The price of success in the marketplace is a bigger target on your back for hackers and cybercriminals, as the Pwn2Own contest proves.
Vancouver has been a happening city this year -- first the Winter Olympics and now the hacking olympics, otherwise known at the Pwn2Own contest taking place at the CanSecWest Applied Security Conference in lovely British Columbia.
Apparently, the cash prizes offered by contest sponsor TippingPoint DVLabs are being claimed. The first section of the contest challenged security hackers to target browsers including the latest versions of Internet Explorer, Firefox, Google Chrome, and Apple Safari. The second section offers bounties on vulnerabilities exploiting mobile phones.
Both the Safari browser and the iPhone became early victims in the Pwn2Own competition (along with Firefox and IE). ZDNet's Ryan Naraine reports that contestant Charlie Miller managed to hack into a MacBook by exploiting a critical Safari browser vulnerability. Meanwhile, another research team managed to hack the iPhone and hijack the SMS database.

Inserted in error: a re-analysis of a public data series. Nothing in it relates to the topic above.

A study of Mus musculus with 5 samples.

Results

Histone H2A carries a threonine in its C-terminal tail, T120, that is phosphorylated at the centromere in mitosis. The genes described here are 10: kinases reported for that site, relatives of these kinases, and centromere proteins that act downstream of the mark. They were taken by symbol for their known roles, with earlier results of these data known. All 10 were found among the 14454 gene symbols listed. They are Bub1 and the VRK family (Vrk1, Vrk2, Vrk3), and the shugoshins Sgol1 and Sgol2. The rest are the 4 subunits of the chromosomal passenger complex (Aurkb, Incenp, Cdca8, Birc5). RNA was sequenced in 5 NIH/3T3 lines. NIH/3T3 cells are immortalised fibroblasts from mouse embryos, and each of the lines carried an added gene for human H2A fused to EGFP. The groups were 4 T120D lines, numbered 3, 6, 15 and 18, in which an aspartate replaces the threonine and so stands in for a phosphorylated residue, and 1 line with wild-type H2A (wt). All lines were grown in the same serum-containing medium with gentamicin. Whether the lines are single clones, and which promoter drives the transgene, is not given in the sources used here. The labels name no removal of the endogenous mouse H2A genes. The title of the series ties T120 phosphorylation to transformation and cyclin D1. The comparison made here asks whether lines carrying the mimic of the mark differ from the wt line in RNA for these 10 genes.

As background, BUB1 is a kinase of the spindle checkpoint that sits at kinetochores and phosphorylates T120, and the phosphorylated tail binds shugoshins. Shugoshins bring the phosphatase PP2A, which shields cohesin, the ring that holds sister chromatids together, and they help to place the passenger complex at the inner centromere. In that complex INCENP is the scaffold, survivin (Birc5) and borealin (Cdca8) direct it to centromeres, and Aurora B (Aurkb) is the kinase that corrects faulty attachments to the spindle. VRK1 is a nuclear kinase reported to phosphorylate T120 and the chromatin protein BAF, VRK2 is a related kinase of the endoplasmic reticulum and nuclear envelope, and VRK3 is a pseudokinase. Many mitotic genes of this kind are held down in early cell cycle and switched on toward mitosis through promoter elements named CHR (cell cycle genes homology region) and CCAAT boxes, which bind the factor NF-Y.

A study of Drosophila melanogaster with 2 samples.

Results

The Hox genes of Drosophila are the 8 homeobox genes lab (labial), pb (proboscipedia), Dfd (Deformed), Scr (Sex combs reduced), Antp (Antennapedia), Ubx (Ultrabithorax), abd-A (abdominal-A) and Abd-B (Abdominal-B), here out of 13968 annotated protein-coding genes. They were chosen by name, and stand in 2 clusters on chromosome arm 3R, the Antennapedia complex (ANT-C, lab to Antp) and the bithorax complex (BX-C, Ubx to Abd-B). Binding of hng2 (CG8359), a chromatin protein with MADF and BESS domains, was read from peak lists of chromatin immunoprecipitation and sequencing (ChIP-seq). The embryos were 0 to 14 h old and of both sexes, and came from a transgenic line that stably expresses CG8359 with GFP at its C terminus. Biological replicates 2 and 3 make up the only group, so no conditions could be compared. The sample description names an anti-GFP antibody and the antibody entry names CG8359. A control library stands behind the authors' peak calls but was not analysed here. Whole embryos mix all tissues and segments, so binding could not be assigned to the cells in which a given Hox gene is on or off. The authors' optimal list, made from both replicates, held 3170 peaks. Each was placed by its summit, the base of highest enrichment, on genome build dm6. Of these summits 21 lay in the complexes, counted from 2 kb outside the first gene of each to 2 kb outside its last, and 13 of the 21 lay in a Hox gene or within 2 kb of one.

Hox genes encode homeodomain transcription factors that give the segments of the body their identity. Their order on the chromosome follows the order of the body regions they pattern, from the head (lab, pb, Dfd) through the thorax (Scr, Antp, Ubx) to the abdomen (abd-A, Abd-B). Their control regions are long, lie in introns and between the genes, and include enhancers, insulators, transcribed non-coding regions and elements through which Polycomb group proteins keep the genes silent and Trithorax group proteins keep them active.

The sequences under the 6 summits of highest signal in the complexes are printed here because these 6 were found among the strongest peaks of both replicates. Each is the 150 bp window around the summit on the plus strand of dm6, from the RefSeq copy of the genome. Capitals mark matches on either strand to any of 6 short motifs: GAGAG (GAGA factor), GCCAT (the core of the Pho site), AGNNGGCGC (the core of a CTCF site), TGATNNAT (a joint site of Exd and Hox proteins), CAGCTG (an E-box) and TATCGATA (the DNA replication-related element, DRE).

The increasing popularity of Apple's products make them an inviting target -- giving them the kind of attention that Microsoft has long "enjoyed" in the world of security crackers. A recent story in the Washington Post reports that cybercriminals are eager to exploit the Apple iPad phenomenon as well. Consumers are being warned to be on the lookout for phishing emails that promise a low-priced iPad if you enter a credit card number and address. The article notes that Apple gives credit card scammers two ways to make money -- first with the initial stolen credit card numbers via phishing and other online scams, and second by taking advantage of the price discrepancy for Apple products abroad vs. the United States:
Electronics are popular with international crooks in part because they're an easy way to get money overseas. Crooks who want to avoid the scrutiny that comes from schlepping briefcases of cash across borders can essentially treat electronics as currency, using a stolen credit card to buy Apple products or other hot electronic goods and have them shipped to another country where they'll be resold, employing U.S.-based mules who get a small kickback for their participation.
Pretty slick. Do you think that Apple will use the information gleaned from contests like Pwn2Own to strengthen its security countermeasures against cybercriminals or will its success in the marketplace come at the price of absorbing the same kind of blame and criticism that Microsoft has over the years?